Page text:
Rev. Baden Stanley

Rev. Baden Stanley

Each week we hope to post a blog on a Monday or Tuesday. These blogs will hopefully stimulate thought, discussion and even debate around key topic that are affecting our society at this time of great change and challenge.

Lighten our Darkness Chapter 11: Going Home

The veil between heaven and earth was paper thin. Legions of warrior messengers stood guard of the Gateway between, but they knew and recognised Gabriel from his frequent visits to the children of God below. Time played tricks when you left the heavenly realms; although Gabriel had been delivering messages for several human weeks, it was barely a blink of an eye in the timeline of heaven. He was glad to be home, a chance to reflect and prepare for what was yet to come. He had left Michael, the leader of the warrior messengers on his vigilant guard over the Holy Family. Gabriel smiled with a deep love as he remembered the short but profound wedding ceremony; four adults and one new-born baby to witness the fulfilling of love and destiny. There was deep understanding between Joseph and Mary, deeper than most would ever experience; but then, as Gabriel reflected, few had experienced the hand and presence of almighty God in such a real and tangible way. ‘These things will be spoken of for centuries of human years’, mused the messenger, as he prepared to enter the presence of God.

Meanwhile Joseph and Mary were making preparations too, it was time to head home, back to Mary’s family. Mary was sorry to leave Elizabeth, Zechariah and the already head-strong John; they had provided refuge and sanctuary for her when she needed it most, but now she yearned to see her parents again. She could well imagine their pain and shame, and the departure of Joseph would have seemed the final act in the shattering of all their hopes and dreams for their daughter.

It wasn’t just the limitations of space in the aging priest’s house that prevented Joseph and Mary fulfilling their love, now that they were married. There was a gentle understanding that their own intimacy would wait until the completion of God’s purposes for them both. Zechariah and Elizabeth smiled blessings upon them as they departed; their sorrow at the parting was eased by the bundle of pure joy that Elizabeth held in her arms. Their journey to Nazareth was long and tiring, but gave them much needed time to talk, and to pray. Mary’s time for delivery would be only weeks away and here was much to plan and prepare. They were confident that their marriage by Zechariah would ease Mary’s parents’ fears, if not completely overcome the shrewdness of the gossip mongers, but there was much to do before the baby, gifted from God, would arrive. They were agreed that Nazareth would be their home for the foreseeable future. Joseph had already some savings put aside, but he would ned regular and well paid work to look after his new family. He would return to Caesarea Philippi, where the despot King Herod was building such magnificent palaces to display his power. It would be difficult to be parted but Mary knew that, while her parents would welcome her with open arms, they had little left to give their daughter a dowry.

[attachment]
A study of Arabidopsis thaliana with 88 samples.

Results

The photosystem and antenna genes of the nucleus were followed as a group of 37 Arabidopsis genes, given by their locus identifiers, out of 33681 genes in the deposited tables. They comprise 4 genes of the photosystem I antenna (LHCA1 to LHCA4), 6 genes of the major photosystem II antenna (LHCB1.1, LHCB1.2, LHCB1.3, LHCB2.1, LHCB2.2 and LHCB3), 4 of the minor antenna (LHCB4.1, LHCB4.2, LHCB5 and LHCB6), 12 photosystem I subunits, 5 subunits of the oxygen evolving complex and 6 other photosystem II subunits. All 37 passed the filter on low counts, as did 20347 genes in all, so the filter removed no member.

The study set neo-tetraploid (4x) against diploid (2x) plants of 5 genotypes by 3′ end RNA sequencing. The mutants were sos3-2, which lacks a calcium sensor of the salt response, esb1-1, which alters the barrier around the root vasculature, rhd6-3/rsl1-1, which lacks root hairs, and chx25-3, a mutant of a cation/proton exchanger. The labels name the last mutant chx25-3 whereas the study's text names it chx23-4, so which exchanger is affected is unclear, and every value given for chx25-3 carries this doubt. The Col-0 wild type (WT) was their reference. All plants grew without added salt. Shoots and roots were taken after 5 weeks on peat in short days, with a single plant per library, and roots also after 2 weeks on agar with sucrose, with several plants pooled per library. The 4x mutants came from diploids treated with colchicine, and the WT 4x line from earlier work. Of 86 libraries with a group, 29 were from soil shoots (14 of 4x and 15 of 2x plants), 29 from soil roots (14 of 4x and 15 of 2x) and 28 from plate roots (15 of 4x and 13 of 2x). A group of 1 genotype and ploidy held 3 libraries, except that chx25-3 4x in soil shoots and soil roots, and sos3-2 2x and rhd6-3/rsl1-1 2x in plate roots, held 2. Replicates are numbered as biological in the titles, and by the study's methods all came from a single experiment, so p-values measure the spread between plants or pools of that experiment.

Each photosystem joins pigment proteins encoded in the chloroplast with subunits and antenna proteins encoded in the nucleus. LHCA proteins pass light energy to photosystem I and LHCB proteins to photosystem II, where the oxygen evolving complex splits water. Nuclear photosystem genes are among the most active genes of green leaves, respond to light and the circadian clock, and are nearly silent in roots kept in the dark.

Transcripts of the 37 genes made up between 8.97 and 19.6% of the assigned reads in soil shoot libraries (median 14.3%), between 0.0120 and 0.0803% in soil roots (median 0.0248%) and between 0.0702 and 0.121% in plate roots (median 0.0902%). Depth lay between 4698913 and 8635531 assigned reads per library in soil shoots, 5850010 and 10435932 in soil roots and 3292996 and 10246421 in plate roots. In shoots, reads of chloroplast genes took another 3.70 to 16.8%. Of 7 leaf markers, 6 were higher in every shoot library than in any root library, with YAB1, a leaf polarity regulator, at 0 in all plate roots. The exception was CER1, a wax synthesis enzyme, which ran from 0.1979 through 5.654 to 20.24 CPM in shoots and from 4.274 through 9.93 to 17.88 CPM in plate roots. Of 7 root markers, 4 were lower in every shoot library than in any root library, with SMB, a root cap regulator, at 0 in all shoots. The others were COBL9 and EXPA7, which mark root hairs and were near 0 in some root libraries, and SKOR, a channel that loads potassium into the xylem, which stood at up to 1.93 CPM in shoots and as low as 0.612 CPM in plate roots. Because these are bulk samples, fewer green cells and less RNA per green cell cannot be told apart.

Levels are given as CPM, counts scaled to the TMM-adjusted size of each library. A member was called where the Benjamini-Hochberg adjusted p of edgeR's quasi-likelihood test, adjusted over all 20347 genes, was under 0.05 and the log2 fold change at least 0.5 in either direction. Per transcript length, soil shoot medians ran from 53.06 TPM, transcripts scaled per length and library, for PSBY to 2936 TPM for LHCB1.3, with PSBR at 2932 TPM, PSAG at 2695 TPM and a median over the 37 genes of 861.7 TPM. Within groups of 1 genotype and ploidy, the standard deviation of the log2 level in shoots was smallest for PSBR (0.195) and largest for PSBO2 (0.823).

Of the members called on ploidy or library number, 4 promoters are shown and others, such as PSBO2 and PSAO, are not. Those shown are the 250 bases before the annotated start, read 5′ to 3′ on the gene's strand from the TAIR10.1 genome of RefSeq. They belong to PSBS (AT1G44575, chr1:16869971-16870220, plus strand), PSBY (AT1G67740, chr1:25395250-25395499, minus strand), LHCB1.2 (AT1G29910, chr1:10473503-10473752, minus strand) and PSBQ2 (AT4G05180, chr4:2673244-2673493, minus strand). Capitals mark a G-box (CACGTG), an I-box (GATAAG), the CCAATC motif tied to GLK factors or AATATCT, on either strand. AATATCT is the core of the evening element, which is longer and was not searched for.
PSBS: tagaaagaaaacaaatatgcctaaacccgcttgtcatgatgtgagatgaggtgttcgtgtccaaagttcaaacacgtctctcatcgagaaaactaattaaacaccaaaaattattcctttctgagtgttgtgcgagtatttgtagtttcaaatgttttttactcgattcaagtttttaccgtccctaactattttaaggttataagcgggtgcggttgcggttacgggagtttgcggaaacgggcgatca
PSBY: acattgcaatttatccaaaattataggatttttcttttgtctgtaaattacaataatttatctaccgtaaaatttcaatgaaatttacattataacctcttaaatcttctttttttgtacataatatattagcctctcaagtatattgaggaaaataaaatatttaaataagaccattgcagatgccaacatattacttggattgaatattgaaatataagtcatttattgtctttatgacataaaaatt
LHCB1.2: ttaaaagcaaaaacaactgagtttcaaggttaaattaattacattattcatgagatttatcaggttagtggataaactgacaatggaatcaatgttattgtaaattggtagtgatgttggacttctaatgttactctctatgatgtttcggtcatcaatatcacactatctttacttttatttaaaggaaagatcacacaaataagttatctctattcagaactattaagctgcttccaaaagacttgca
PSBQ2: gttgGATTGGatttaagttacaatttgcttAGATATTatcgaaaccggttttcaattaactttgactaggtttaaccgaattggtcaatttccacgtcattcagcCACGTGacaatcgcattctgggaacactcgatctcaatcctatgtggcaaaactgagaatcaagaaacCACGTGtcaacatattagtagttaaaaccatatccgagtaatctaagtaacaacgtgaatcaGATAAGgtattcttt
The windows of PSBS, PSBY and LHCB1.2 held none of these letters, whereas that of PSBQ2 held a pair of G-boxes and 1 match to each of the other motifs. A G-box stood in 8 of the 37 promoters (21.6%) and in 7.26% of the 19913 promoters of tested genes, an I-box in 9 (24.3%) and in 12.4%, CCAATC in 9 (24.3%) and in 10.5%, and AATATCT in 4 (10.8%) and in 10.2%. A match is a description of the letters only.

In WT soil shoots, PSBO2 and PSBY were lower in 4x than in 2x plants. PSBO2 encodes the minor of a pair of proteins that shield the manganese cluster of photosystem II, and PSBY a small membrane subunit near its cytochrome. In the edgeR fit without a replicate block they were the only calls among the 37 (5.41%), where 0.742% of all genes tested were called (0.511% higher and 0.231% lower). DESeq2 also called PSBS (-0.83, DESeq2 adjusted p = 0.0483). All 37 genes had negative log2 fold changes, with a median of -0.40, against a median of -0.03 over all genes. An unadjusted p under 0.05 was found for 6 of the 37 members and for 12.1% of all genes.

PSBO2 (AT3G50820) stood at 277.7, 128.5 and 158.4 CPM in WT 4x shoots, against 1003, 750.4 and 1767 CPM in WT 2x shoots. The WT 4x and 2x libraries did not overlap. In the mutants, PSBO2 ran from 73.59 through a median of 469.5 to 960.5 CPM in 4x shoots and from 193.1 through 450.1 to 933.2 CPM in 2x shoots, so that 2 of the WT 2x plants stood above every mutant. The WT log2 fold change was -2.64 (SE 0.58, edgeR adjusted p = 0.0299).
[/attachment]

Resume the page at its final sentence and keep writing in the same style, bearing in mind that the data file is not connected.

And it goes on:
Events have a habit of overcoming those who would plan too far ahead. As Mary and Joseph approached the town of Nazareth, they could sense a tension among the people. Everyone was scurrying around, frantically trying to make arrangements. The bewildered couple went straight to Mary’s home. Her parents were thrilled to see her and her new husband. They tried to focus on the social niceties of hospitality which such an occasion required, but it was clear that other news now troubled them. Finally Joseph asked them what had happened. Mary’s father explained, ‘A herald from the Roman Emperor Augustus, came through the village just days ago. He proclaimed that a census was being called and that all citizens of the Empire had to return to the town of their forefathers to be counted. And you know what a census means, don’t you Joseph?’ Joseph looked at his young bride, her tummy already swelling, yes he knew what this census meant, it meant that all their well-reasoned plans were now in disarray. Emperors only ever called a census for one purpose – higher taxes!